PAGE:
Adapted from Rosemarie Taylor-Perry’s Wild Community Garden Cookbook

Quinoa is a utricle, not a grain; it has a saponin-rich protective coating on the outside. Before using quinoa for any recipe, place the dry seeds in a very fine-mesh sieve and soak them in tepid water for five minutes following with a rinse under running water, or until the water runs clear, stirring the seeds around constantly.


  • 6 cups water
  • 2 cups quinoa
  • 2 teaspoons sea salt
  • 1/2 cup washed and chopped fresh purslane leaves and stems (or green elm samaras; purslane is available mid-to-late summer, and the samaras are available early to late spring)
  • juice and zest of 1 large lemon
  • 2 tablespoons extra-virgin olive oil
  • 1 large peeled and seeded tomato (Cherokee Purple is my favorite in this recipe)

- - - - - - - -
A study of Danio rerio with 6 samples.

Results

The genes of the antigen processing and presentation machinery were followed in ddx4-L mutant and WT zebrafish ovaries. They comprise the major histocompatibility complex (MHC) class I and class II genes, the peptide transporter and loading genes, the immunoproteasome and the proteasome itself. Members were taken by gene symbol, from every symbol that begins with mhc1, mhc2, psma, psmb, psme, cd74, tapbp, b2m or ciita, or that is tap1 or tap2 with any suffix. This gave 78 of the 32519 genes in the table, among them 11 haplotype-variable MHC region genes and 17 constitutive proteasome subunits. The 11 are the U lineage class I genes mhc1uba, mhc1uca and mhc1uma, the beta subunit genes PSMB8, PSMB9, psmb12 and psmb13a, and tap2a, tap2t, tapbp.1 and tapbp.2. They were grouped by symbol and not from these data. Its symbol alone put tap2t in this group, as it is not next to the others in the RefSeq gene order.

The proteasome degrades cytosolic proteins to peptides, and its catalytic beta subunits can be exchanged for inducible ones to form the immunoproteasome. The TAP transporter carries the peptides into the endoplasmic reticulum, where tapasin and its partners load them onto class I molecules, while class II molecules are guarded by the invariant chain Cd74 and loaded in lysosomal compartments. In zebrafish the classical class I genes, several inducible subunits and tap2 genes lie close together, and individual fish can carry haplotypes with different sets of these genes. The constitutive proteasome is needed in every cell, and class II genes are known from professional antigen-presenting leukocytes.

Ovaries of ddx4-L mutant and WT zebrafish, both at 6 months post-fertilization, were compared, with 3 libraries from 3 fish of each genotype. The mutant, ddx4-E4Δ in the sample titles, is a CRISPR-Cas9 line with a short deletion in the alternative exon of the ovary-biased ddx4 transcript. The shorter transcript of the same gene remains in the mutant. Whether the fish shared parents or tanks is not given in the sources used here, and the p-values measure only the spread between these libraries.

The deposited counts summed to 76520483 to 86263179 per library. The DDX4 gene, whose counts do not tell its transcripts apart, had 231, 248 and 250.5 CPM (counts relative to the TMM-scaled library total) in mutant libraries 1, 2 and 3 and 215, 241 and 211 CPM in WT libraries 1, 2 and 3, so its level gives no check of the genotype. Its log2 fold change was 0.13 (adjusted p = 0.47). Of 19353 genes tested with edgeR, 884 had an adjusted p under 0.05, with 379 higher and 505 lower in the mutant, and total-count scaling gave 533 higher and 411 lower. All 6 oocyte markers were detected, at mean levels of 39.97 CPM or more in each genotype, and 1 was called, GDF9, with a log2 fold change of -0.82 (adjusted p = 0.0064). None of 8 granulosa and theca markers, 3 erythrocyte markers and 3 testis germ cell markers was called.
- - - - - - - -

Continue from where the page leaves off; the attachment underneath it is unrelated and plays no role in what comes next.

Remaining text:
• 1/4 cup fresh chopped spearmint leaves
  • 1 large Persian cucumber, finely diced
  • 3 tablespoons diced black olives (preferably sun-dried, or to taste)
  • 1 teaspoon dried dillweed
  • 1 teaspoon za’atar (or 1 teaspoon fresh sumac berries, crushed, plus 1/2 teaspoon dried thyme)


Add sea salt to water in a large saucepan, and boil the rinsed quinoa for 15-20 minutes. Drain off hot water and rinse quinoa in cold running water for five minutes to stop it cooking; allow quinoa to drain in the colander, then transfer it to a large mixing bowl. Add all the rest of the ingredients, and stir together well. Chill for at least two hours before serving. Serve cold with boneless, free-range lamb roast stuffed with Mushroom and Iberico Ham Stuffing, or as a main course salad on a bed of arugula and watercress tossed with extra-virgin olive oil and balsamic vinegar.